Enjoy the Holidays Despite Diabetes

Posted by D Sharp - December 22, 2011 - DSharp - No Comments
The holidays tempt the best of our good intentions with parties, buy
sugary treats, super-sized meals and hectic schedules. It can be hard to stick to diets and exercise routines. Unfortunately, if you have diabetes, you can’t exactly take a day off or a break from your medication or insulin.
Happy Holidays from your glucometer

If you’re like me and you like to have tight control of your BGs, there are ways to cut yourself some slack. While you can’t take a complete vacation from diabetes, you can enjoy many of the season’s treats without completely derailing your diabetes care. Enjoy the holidays and let the stress come from your in-laws and mall parking lots, not your diabetes care.

Here are six ways to stay on top of diabetes while keeping up with the shopping, events and big meals.

1) Don’t be shy. Ask for nutritional information.

If you’re eating out or grabbing a treat while shopping, don’t forget to ask your server or sales associate for nutritional info. Don’t accept, “It’s not that sweet” as an answer. That just means they have no clue how much sugar is in that item. Most places should have information either in a pamphlet you can take or a binder they can show you. You want to see numbers before you decide if that treat is really worth it.

2) Stock up on the low-sugar versions of your favourite treats.

I was craving hot chocolate for three weeks before I found a nice alternative: Starbuck’s Sugar-Free Cinnamon Dolce Latte with skim milk. There’s still carbs and sugar to count from the milk, but it’s less than a third of what the full fat and sugar version could be. Nestle also makes a low-sugar instant hot chocolate. And if you’re you’re willing to make it from scratch, good ol’ unsweetened cocoa powder is the way to go. You get to control the amount of sugar or substitute that gets added.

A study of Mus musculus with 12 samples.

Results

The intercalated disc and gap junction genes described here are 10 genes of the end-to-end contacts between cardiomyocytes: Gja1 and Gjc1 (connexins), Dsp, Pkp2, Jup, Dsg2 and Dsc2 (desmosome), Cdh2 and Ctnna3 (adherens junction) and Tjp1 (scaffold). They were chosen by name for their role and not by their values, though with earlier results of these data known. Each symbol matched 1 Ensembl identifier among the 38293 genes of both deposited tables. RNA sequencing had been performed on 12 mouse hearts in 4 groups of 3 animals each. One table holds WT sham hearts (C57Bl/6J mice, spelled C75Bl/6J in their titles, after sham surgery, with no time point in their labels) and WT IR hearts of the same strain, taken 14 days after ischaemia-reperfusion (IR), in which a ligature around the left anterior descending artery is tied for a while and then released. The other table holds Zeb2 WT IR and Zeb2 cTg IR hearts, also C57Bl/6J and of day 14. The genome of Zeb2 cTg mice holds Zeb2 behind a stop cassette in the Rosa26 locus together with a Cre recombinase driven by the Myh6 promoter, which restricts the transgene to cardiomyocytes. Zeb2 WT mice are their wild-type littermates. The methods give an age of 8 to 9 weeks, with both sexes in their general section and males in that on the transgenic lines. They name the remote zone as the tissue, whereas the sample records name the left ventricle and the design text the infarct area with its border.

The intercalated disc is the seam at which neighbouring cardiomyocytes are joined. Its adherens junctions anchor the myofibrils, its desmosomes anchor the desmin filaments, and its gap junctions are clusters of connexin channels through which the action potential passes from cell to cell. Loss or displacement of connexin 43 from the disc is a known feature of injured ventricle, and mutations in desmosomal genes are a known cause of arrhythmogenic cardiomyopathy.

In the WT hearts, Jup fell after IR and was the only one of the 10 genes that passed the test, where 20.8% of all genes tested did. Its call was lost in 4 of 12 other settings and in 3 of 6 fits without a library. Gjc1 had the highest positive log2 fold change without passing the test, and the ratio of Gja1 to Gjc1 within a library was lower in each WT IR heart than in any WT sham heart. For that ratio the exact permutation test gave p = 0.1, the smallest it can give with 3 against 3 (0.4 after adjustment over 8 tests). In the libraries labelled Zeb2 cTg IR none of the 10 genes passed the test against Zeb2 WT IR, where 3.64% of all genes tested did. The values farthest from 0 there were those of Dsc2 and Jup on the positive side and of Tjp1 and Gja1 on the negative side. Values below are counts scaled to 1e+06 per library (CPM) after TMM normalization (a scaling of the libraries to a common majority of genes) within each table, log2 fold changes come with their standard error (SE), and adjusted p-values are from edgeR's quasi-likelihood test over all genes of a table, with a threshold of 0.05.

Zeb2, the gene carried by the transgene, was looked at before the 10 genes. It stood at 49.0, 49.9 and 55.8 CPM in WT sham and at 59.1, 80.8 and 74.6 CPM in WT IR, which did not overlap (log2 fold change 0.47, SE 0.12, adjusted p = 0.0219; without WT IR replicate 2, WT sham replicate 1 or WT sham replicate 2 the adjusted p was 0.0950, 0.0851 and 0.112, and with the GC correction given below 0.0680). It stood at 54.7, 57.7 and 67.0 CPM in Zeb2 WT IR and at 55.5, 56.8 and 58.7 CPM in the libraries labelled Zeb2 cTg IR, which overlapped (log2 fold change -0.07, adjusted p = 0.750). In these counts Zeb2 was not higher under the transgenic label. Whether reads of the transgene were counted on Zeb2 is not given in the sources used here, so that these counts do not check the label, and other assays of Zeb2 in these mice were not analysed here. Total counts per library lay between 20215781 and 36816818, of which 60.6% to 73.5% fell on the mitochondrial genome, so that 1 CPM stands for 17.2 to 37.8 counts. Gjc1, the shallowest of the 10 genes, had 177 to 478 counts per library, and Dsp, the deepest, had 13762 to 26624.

3) Choose recipes that give nutritional information.

If you’re hosting dinner or baking desserts, choose menu items that allow you and your guests to calculate their carbs or calories. Just remember to try and keep the serving size the same as the breakdown provided, e.g. if the chocolate cake recipe shows a single serving as 1/12 of a 9” cake pan, don’t cut the cake into eighths or use a different size of pan.

4)Test more if you’re guesstimating a lot of food.

Chances are you’ll have to eyeball quantity and guess at ingredients. Not all dinner rolls are created equally, so what you guess is 15 grams of carbs could actually be 20. Those seemingly little discrepancies can add up over a meal and leave you on the high or low side of your target BGs. Try to test after your meal and before bed to see if you need a correction.

5) Look up your carb counts before the big day.

You’ll likely have a pretty good idea of what’s being served before you sit down for a festive meal. That’s the beauty of tradition. A little cheat sheet for cranberry sauce, mashed potatoes and other favourites, may be just what you need to gracefully decide between one helping or two.

6) Don’t forget to pack snacks and sugar for lows.

Dinner is planned for 5 pm, but the turkey needs to cook longer and your lunch was grazing over treats and appetizers. The unpredictability of the holidays can make it hard to match your activity with food and insulin. It’s always easier to reach in your pocket or bag than to find a convenience store or ask the host for something sweet. Be safe and check before driving and keep snacks close by. If I’m being really diligent, I’ll do a BG check after a long drive, which often shows that I’m on the higher side from all that sitting.

Please share your ways of coping with the holidays and all the joy and treats that come with it!